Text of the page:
The Legendary Jimmy Scott Live At Ginny's Supper Club, Harlem; Produced By jIll Newman Productions

The life of Jimmy Scott is not one of meteoric stardom, but a journey that has taken nearly 70 years to find its much-deserved success. One of ten children, James Victor Scott was born in Cleveland, Ohio, on July 17, 1925.

He was only 12 years old when he became known as a singer around Cleveland. Joining Lionel Hampton’s band in 1948, he discovered the vibraphone and the strings, which he said “helped him to learn the beauty of the song” and encouraged him to sing.
Scott met Estelle “Caldonia” Young in the early 1940s, and she hired him as the featured singer for her road show. Although the tour only had the group booked for one week at a Harlem club, Scott sang that one week and the club kept him on for three more months! Billie Holiday would often show up nightly while in town to listen to Scott sing.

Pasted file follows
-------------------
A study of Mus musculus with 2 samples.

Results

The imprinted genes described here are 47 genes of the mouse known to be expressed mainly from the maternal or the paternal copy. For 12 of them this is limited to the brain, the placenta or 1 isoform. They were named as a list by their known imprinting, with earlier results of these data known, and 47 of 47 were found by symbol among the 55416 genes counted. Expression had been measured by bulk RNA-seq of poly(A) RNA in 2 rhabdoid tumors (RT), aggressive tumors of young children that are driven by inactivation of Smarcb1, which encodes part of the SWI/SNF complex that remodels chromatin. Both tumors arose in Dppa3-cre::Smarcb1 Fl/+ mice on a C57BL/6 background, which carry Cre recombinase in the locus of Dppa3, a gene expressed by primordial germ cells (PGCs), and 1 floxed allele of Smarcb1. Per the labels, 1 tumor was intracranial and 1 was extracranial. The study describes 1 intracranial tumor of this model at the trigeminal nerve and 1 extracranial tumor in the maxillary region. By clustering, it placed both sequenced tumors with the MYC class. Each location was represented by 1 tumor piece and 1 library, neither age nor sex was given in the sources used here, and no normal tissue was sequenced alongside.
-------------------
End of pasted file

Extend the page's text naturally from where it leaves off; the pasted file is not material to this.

Legendary blues singer Doc Pomus was in the audience during that first week and wanted to meet this amazing singer. The two became fast friends, cultivating a friendship that lasted over 45 years. When Smith sang at Doc’s funeral in 1991, label owner Seymour Stein heard him and practically signed him on the spot. Thus begam Scott’s re-emergence as a singer. All the Way, his Grammy-nominated comeback album, came out the following year.

At age 67, Scott began to tour the world, where he was introduced to new appreciative audiences and legions of new young fans. After a long climb, things are really looking up for this talented singer in the new millennium. He’s established a dedicated international audience through triumphant tours of Europe and Japan, was featured in a Bravo Profiles television special, and was the subject of an in-depth biography by award-winning author David Ritz.

With his recent studio releases But Beautiful (2002) and Moonglow (2003), he continues to flesh out a persuasive portrait of his jazz mastery and storytelling.

Of the success he’s achieved relatively late in life, Scott says, “I’m pleased now that (my voice) is pleasing to people. In a way, I feel like now maybe people will hear what I have to offer, whereas before the music never got to a level where all people had access to it. All I can do is give what I really feel.”